The Duke and Duchess of Sussex Alexi Lubomirski (1/1)
On the 19th May 2018, Prince Harry, the second son of the future King of England and sixth in line to the British throne, married Meghan Markle, a American divorcee of mixed black and white parentage making Markle, arguably, the first person of colour to marry into the Royal Family. The couple’s relationship sparked an international conversation on race and interraciality.
In early July 2016, Prince Harry, the sixth in line to the British throne, and Meghan Markle, the American daughter of a black mother and white father, met each other on a blind date set up by a mutual friend. The couple immediately hit it off and embarked on a whirlwind romance out of the public eye, including taking a camping trip to Botswana. In October 2016, however, both the American weekly magazine People and the British newspaper Sunday Express reported that Prince Harry had secretly been dating the star of the popular television series Suits, American actress Meghan Markle for several months and was ‘besotted’. The relationship was officially confirmed in a statement issued by Prince Harry in November 2016 and the couple’s closeness over the following year was increasingly and feverishly reported on by the press, not least their engagement announcement in November 2017. The couple wed at St George’s Chapel, Windsor Castle, with the immediate Royal Family in attendance, as well as Markle’s mother, Doria Ragland. On marriage, the title of Duke and Duchess of Sussex were bestowed on the pair. Amidst a sustained bout of media speculation, in October 2018 the Sussexes announced that they were expecting their first child in spring 2019. The marriage is generally considered to be the first time a person of colour has married into the immediate royal family, though it has been theorised that both Charlotte of Mecklenburg-Strelitz (1744-1818), the wife of King George III and Phillipa of Hainault (1310/15-1369), the wife of Edward III were of distant black African descent.
Whilst most of Prince Harry’s relationships have previously attracted considerable and frantic press interest, his relationship with Markle appears to have drawn even more feverish levels of attention due in some part to her status as a divorcee, an American and an actress, but predominantly as a result of her mixed race heritage. In his statement confirming their relationship in November 2016, Prince Harry condemned ‘the racial undertones of comment pieces; and the outright sexism and racism of social media trolls and web article comments.’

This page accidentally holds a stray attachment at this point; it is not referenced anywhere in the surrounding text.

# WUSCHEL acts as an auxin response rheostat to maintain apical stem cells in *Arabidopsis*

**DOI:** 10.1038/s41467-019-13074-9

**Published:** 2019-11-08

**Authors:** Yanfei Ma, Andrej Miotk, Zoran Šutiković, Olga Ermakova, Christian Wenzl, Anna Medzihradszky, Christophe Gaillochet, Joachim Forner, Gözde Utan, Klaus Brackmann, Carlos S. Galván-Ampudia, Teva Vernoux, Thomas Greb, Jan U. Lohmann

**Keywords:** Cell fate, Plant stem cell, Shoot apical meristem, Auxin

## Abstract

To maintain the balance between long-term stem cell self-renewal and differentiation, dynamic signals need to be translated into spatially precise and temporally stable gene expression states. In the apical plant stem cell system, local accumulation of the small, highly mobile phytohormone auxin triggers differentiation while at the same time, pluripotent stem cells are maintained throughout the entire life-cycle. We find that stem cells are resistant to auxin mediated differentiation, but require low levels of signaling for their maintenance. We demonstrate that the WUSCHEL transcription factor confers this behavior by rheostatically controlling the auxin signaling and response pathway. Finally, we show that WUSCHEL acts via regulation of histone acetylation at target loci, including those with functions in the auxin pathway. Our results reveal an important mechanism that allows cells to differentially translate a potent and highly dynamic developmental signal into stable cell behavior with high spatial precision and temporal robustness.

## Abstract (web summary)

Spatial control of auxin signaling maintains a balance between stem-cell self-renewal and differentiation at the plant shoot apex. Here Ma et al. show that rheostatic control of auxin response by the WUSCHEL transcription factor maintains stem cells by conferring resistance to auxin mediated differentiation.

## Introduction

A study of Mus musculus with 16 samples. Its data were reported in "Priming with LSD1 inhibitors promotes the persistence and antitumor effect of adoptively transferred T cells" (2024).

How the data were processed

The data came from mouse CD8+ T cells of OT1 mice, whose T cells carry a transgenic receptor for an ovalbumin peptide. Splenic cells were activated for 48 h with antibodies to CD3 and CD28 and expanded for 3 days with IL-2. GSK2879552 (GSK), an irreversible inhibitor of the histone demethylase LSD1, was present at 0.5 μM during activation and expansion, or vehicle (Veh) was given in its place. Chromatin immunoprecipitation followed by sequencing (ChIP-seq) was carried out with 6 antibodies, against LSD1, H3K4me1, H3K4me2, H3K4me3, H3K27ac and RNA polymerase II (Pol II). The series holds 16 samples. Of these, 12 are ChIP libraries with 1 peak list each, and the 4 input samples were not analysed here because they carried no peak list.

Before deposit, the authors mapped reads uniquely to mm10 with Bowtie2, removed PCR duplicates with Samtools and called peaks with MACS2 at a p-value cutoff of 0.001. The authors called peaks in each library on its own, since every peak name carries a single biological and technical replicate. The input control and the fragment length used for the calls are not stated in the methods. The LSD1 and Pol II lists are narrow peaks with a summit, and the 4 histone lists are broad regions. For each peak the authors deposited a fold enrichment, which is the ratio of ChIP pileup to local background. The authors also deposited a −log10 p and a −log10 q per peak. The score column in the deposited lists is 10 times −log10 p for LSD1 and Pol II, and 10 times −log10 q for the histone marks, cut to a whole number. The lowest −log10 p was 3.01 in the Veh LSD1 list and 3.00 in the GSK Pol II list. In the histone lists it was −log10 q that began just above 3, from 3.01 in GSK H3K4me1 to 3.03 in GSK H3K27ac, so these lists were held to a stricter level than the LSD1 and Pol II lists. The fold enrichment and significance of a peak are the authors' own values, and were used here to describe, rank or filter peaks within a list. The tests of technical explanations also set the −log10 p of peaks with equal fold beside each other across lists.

From the outset of the relationship becoming public, there has certainly been considerable global commentary on Markle’s racial background and identity, with opinions spanning a wide spectrum of views and stances: from positioning her as both ‘exotic’ and ‘ordinary’, as someone who is both ‘trouble’ for and the ‘saving grace’ of the royal family, and as both authentically or not authentically ‘black’, ‘white’ or ‘mixed’ enough. Meanwhile, the couple have been situated as representative of everything from a ‘post-racial utopia’ to the ‘tainting’ of monarchy via black ‘seed’, and their wedding ceremony both celebrated and condemned for its multicultural nature.
While there is clearly a diversity and complexity of views, opinion polls indicate that both Meghan Markle and the high-profile integration of a person of colour into the royal family generally have the approval of the British public: in 2018, a YouGov poll indicated that 69% of people approved of a royal marrying interracially, and that Harry was the most popular royal and Meghan the 6th most popular, both ahead of all the Queen’s children and majority of grandchildren.
The couple are expecting their first child which is due in April 2019.